Now we really will meet again - but at a distance
Family and friends can be reunited. For the first time since March, groups of up to six people can meet outdoors from Monday. People will be able to invite loved-ones to their homes - as long as they stay in the garden and people from different households remain two metres apart. But Prime Minister Boris Johnson warned that the move could be reversed if the coronavirus infection rate began to rise again. Scientists said the R rate remained just below the all-important number of one. Unsure of what you can and cannot do? Read our essential guide to the new lockdown rules and how they affect you. The rules apply to England, which has a different approach to Nicola Sturgeon's in Scotland.
Mr Johnson continued to be dogged by questions over his top aide Dominic Cummings after Durham Police said he may have committed "a minor breach" of lockdown rules. The PM tried to draw a line under the controversy, intervening to prevent his scientific advisers being drawn into the row at his daily coronavirus briefing. But sketchwriter Michael Deacon says it horribly backfired and looked like Prof Chris Whitty and Sir Patrick Vallance were "in a hostage video". And Matt imagines the newfound tourist interest in Barnard Castle in today's hilarious cartoon.
Seven out of 10 who get virus never have symptoms
The vast majority of people who contract coronavirus never show any symptoms, the first analysis of antibody tests by the Office for National Statistics has shown. It has led to fears that the new test, track and trace programme (which encountered major setbacks during its launch yesterday) will not work. Science Editor Sarah Knapton explains figures that show 70 per cent of people testing positive do not have symptoms at the time of the test or in the week before or after. And our guide explains the symptoms - underpinned with advice from leading health experts.
Fatter and drinking more - but Britons are stoical
How have you changed since lockdown began? Social restrictions have seen Britons turn on their neighbours, drink more than usual and gain weight, the first in-depth analysis has shown. King's College London and pollsters at Ipsos MORI have been following more than 2,200 people since the second week of lockdown at the start of April - and have seen significant shifts in behaviour and opinion over time. PS: For an uplifting daily boost, try our You Are Not Alone newsletter. To access all our journalism, try our subscription offer. Take a free one-month trial - then save 50pc on your first three months.
At a glance: More coronavirus headlines
- Masks | NHS workers should wear them at home, says study
- Travel | Britons could be asked to take test before flying
- Education | School day could get longer to help 'Covid generation'
- Newsnight | Emily Maitlis 'overstepped the mark', says BBC
- Testing | Life on the frontline: £10 an hour and no sick pay
Comment and analysis
- Jeremy Warner | A new era of poverty, crisis and global conflict
- Judith Woods | Anger is replacing fear - and it will cost lives
- Ross Clark | Cummings cannot be blamed for fraying lockdown
- Reader letters | Police put the tin lid on Cummings affair
- Ben Kelly | Let's offer Hong Kong's repressed masses freedom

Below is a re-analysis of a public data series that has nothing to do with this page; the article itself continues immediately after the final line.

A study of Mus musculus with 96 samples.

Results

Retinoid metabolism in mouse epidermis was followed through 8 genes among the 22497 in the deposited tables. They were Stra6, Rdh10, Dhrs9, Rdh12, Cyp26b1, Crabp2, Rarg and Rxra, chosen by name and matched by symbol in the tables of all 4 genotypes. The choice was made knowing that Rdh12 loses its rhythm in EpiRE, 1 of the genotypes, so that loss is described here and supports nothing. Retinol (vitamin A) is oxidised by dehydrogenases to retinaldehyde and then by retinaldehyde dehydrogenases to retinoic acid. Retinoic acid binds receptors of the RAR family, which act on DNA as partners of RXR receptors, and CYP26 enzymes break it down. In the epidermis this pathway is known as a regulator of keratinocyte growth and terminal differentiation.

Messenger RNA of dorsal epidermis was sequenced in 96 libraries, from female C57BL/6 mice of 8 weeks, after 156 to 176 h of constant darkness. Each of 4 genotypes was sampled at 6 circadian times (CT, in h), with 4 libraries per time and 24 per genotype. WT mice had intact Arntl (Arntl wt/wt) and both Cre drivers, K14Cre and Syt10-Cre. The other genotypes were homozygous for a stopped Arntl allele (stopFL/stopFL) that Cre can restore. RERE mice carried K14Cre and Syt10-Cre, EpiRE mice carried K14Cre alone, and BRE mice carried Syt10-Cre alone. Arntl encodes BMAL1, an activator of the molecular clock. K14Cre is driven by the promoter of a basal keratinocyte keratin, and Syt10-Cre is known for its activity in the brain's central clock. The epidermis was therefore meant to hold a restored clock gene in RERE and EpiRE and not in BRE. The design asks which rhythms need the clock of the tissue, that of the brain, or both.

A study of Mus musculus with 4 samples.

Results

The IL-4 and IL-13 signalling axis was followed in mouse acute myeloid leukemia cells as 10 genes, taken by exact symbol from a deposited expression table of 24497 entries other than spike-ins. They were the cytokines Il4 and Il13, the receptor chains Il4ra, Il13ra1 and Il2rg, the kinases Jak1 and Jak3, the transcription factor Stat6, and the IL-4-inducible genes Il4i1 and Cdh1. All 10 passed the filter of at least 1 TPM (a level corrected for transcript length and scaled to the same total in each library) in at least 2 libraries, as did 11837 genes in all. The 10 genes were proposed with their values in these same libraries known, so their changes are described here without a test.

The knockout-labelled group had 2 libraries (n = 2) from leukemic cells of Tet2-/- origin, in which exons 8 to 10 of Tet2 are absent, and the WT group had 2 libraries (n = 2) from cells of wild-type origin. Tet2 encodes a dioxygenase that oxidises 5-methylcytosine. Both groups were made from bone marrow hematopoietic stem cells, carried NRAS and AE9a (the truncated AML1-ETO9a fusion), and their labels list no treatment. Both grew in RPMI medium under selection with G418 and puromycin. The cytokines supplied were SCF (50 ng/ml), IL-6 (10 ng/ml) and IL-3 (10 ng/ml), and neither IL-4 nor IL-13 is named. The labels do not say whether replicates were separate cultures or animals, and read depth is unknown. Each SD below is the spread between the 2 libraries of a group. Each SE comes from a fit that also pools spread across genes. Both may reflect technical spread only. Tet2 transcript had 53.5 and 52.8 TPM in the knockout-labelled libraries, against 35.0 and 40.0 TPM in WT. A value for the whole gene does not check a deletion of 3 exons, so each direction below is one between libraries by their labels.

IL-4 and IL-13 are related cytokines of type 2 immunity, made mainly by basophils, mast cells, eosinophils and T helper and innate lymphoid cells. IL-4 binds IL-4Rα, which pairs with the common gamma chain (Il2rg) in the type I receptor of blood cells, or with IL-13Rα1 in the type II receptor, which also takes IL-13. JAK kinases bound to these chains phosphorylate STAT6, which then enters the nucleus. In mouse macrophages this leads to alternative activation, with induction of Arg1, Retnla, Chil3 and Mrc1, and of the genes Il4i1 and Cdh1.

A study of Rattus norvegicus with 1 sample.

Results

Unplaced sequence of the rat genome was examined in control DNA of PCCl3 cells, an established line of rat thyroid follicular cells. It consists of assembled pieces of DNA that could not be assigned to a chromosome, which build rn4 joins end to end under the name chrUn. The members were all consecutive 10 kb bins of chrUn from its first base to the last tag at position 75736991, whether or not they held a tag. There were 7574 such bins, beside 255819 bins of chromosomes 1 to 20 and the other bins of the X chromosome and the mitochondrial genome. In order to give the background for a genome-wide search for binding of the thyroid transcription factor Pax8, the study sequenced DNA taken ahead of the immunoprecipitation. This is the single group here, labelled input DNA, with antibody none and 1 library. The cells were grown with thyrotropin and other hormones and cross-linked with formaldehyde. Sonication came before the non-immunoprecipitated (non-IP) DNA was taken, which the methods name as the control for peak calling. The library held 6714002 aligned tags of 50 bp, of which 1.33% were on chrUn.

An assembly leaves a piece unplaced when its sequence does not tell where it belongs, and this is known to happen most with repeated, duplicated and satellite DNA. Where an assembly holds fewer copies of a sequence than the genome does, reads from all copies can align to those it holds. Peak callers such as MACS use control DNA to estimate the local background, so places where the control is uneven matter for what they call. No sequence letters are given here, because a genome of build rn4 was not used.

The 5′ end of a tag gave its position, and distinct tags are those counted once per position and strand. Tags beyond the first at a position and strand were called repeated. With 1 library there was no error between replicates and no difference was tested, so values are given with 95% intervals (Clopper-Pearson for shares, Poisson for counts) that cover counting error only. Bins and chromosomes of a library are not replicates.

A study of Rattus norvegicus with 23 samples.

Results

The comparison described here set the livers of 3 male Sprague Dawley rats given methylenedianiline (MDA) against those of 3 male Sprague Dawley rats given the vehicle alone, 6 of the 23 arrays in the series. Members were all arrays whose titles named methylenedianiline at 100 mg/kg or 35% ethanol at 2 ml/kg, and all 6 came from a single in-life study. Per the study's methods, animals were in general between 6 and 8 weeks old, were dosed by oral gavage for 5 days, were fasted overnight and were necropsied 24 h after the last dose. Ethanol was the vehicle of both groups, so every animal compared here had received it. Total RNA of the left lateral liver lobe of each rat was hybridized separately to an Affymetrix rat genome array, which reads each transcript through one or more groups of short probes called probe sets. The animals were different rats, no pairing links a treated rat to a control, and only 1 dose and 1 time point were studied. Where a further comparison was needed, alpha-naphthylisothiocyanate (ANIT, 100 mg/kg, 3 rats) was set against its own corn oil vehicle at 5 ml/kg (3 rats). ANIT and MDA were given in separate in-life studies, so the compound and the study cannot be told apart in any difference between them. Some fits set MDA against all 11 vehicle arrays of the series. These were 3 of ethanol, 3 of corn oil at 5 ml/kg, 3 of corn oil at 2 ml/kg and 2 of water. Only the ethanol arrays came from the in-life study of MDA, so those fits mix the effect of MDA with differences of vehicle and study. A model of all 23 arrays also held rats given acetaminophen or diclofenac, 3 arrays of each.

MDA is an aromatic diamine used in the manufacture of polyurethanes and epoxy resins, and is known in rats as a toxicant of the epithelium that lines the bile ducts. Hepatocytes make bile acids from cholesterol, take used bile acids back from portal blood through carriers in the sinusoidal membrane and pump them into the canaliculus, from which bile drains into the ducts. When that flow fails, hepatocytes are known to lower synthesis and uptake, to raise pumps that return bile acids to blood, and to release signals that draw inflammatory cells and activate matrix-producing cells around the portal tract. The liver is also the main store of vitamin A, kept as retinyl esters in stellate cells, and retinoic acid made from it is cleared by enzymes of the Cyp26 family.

You Are Not Alone: Getting you through lockdown
- Breaking free | The 10 kinds of Covidiot you'll see in the park this weekend
- Holiday dreaming? | Three perfect ferry trips to France, according to our expert
- To have and to hold... on a while longer | What we did on our non-wedding day
Business and money briefing
Furlough scheme | Employers will be required to pay a quarter of the wages of furloughed staff from August, the Chancellor is expected to announce. Rishi Sunak will also explain how people will be able to work part time while still having their wages part-paid by the Job Retention Scheme as he sets out a route for the economy to get going.
- Ambrose Evans-Pritchard | €750bn bailout is too little, too late
- Investment tip | 10pc yield gives our income a nice boost
- Alex cartoon | See our brilliant cartoonist's latest work
Life after lockdown: Dusting off Renaissance culture
For the country that gave the world the sublime genius of Leonardo, Michelangelo and Caravaggio, it will be a symbol of pride and a sign of hope for better times. Italy's monuments and museums are reopening in a "cultural rebirth". Read this dispatch from Nick Squires in Rome and view a gallery of how lockdowns are being lifted around the world.
Also in the news today
Minneapolis burns | Cheering protesters torched a Minneapolis police station overnight in a third day of violent demonstrations. Angry protests have flared across the US over the death of George Floyd, a handcuffed black man who pleaded for air as a white police officer kneeled on his neck. President Donald Trump criticised the "total lack of leadership" in Minneapolis, writing on Twitter: "Any difficulty and we will assume control but - when the looting starts, the shooting starts."
- Hong Kong | Britain leads condemnation of new security laws
- Social | Trump aims to strip Twitter and Facebook of 'liability shield'
- Drought warning | 'Don't water lawns' after driest May on record
- Military | Warning it may have to cut kit and training for budget
- TV reviews | Football, Prince William & Our Mental Health
And finally... for this morning's downtime
Planet Normal | Sick of "gotcha" political coverage? Bored of cynical broadcasters? Then this is the podcast you have been looking for: Planet Normal - because some journalists are normal people too. Listen to Allison Pearson and Liam Halligan's first episode.